People with disabilities: Venezuela’s WFP school meals help ensure it’s never too late to learn
It’s 5 a.m. in Araya, a small town on the northeastern coast of Venezuela. The houses are quiet and dark, except for one.
Luis García has risen early, as usual. It will take him an hour to prepare breakfast and get the bathroom ready for his son, Luis Enrique. By the time the father manages to have Luis Enrique impeccable and ready to head out the front door, it will be almost 8.
It could be the beginning of a normal day for any family, anywhere.
But Luis García is 72; and the son he taks care of is a 52-year-old man with a cognitive disability — who is beginning this morning his very first day at school.
Beyond an education, Luis Enrique is also certain to receive a World Food Programme (WFP) school meal.
For over half-a-century, Luis has kept his son at home, “well protected, where no one would hurt him.” he says. What changed his mind? Why now?
“I was convinced that I could give him everything he needed at home. But not anymore,” he says. “Especially the food.”
When times were better, Luis would have weekly plans for the meals. “Now,” he says, “we eat what I can get day by day.”
In Venezuela, eight out of ten families sacrifice their most valuable possessions or their entire income to secure just one meal per day. Some stop sending their children to school because they have nothing to give them for breakfast. This is often the case for families in which a member has a disability, which can increase household expenses.
These families love their children and do everything to ensure that they have opportunities. Often, they make tough choices: medicine or food. Education or food.
In Araya, a nearly 10-hour drive east from the capital, Caracas, people once depended on salt production for a living. But this industry has been paralyzed for years. Working-aged men and women have migrated to nearby cities in search of jobs, or emigrated to other countries, often leaving elderly people in charge of their children and homes.
But for some, those hard decisions have eased since 2022, when WFP introduced a school meals programme in Venezuela that benefits children, adolescents and adults with disabilities. When the programme started, however, many of those people — including Luis Enrique — were not even enrolled in schools.
Today, more than 15,000 children, adolescents and adults with disabilities and their families receive WFP meals in 300 schools across eight states. This number continues to rise as the programme expands to new municipalities with higher rates of food insecurity.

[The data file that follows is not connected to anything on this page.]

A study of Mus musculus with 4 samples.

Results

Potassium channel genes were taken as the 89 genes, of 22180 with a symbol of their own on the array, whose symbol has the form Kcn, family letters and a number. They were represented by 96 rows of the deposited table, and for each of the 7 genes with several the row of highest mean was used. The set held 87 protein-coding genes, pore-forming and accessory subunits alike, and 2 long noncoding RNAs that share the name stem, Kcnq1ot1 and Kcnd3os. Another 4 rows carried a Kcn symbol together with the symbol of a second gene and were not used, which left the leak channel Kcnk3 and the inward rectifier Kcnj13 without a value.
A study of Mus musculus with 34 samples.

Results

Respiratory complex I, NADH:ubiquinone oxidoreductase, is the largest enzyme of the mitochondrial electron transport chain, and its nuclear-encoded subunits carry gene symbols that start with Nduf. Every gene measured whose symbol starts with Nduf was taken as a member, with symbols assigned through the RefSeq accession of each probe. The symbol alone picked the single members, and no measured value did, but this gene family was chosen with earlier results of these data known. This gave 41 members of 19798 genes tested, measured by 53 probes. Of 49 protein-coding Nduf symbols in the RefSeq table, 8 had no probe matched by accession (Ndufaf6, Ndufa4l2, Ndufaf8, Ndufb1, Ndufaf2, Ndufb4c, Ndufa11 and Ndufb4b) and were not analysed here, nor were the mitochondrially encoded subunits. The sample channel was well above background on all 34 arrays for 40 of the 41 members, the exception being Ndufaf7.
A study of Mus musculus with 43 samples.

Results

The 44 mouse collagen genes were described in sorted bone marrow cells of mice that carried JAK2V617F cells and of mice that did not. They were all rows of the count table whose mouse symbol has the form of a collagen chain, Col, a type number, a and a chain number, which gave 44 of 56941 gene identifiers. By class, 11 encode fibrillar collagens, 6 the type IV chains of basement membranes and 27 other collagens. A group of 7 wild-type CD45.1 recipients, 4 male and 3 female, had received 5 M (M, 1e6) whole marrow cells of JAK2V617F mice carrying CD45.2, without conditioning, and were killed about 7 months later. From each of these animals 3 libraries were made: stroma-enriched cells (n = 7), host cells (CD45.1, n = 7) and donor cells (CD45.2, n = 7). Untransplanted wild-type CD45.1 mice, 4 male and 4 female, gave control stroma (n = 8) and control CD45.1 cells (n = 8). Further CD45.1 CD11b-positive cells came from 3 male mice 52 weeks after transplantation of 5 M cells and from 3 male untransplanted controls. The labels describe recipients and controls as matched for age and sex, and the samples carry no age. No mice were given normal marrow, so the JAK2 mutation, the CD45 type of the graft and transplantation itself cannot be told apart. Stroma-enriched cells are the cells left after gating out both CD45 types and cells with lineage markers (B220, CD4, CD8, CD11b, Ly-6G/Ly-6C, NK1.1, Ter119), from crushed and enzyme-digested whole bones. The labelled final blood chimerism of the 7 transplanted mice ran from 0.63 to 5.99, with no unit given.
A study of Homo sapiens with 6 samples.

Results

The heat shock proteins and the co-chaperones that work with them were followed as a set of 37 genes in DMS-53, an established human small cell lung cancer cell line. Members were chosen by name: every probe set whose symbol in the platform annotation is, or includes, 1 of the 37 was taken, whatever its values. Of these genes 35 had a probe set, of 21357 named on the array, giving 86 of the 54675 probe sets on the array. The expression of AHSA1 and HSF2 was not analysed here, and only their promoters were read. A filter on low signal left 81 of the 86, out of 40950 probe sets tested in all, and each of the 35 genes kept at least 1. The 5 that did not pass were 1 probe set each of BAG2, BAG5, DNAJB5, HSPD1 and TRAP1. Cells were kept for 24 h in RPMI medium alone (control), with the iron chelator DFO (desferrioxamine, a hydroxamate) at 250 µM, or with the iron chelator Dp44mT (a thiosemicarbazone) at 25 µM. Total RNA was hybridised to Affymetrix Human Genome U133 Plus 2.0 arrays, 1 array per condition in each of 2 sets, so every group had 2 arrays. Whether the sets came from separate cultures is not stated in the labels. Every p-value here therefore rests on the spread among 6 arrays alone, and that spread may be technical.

Early evidence shows that school enrollment of people with disabilities has jumped 30 percent in establishments with WFP meals — which deliver paybacks in both education and food.
Venezuela’s public schools also offer safe spaces that provide education and life skills, protection, health care and other essential services to children, adolescents and adults with disabilities, based on their condition and age, observers say.
Although the infrastructure and resources are minimal in most schools, and many educated professionals have had to leave the country, staff and families are creative and committed. They believe schools can create opportunities for their children, so they do everything to keep them running.
Through the schools, WFP can also reach out with food and other assistance to families of people with disabilities, which are often headed by single women or the elderly. This support provides some relief for the family budget and allows overworked caregivers to care for themselves as well.
Food conquers fear
As the school meals coverage continues to expand, WFP aims to better understand the needs and capabilities of people with disabilities, and any barriers they might experience.
We and our partners also want to reinforce their access to essential public services like healthcare and other support, and facilitate connections among their caregivers.
For father Luis García, the school meals offered an incentive to break with 52 years of fear. His son has not missed a single school day since.
“I am beyond happy to see my son's progress and how much he loves going to school,” García says.
"Some people say it's too late, but I don't think so,” he adds. “Now I know he can do well when I am no longer around.”